Fish enjoy a good massage as much as humans

Illustration for article titled Fish enjoy a good massage as much as humans

It's not exactly a secret that many humans derive pleasure from massages, and previous research has shown other primates enjoy it as well. And now, we've found the first non-primate to use massages to relieve stress: the surgeonfish.


Surgeonfish are one of a number of fish species that enlist tiny cleaner wrasse fish to clean it, scraping off dead skin and potential parasites. Previous observations have also suggested that the wrasse rubbing on the pelvic and pectoral fins of the surgeonfish might serve to calm it down, in much the same way a masseur can relieve stress in a human.

To put this idea to the test, Marta Soares of Portugal's ISPA University Institute ran an experiment featuring two groups of eight surgeonfish. The fish were first exposed to all the stresses they would naturally experience in the wild, which included everything from predators to competition over food. They were then place in tanks that had models of cleaner wrasse. One set of models stayed completely stationary, while the other could move back and forth, which would allow them to simulate rubbing on the surgeonfish's fins.


While all the surgeonfish tried to get some use out of these fake cleaner fish, only those in the tanks with the moving models had any success. By positioning themselves below the model's "fins", the surgeonfish could get their equivalent of a backrub. It wasn't cleaning them, but it apparently still had an effect - these fish had significantly lower levels of the stress hormone cortisol than the fish in the tanks with stationary models. It seems this fishy back rub relaxed the surgeonfish just as a human massage might.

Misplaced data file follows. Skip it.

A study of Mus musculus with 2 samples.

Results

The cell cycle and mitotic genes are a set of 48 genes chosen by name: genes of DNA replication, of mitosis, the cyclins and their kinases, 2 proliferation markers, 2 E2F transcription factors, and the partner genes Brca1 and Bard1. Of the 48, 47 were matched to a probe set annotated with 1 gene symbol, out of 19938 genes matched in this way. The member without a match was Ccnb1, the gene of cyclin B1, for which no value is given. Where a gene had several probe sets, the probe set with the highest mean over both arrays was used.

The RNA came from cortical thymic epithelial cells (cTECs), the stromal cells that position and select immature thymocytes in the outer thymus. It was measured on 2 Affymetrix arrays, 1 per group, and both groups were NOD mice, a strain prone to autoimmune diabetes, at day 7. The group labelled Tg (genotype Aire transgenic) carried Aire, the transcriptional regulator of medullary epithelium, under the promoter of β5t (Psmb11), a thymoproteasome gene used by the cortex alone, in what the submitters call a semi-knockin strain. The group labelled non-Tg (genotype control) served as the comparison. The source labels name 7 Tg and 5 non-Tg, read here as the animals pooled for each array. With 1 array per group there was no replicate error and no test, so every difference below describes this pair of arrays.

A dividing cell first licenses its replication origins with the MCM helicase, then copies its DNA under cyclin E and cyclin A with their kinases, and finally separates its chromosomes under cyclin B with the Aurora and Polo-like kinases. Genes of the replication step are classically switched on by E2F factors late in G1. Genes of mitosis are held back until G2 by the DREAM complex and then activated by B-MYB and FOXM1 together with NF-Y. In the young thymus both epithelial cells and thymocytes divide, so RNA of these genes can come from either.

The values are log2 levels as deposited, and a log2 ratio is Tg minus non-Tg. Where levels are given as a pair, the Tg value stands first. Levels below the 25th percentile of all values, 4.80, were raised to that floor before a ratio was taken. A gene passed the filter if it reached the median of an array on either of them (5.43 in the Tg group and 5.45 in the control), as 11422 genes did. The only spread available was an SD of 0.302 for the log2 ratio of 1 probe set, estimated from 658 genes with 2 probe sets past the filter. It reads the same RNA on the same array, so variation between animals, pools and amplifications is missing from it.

San Diego State researcher Todd Anderson comments on the research:

"Normally I would think that physical contact would elevate stress in fish, as it should, for example, in prey experiencing attempted capture by a predator. However, the contact [in this study] is initiated by the client fish for an often beneficial relationship [that includes] removing parasites."

For her part, Soares says that this apparent pleasure and stress relief indicates a previously unconsidered benefit for the surgeonfish in their relationship with the cleaner wrasse. It also might well mean that fish experience tactile sensations in a way that's far more similar to humans than previously thought.

Nature Communications via New Scientist. Image by Paul and Jill on Flickr.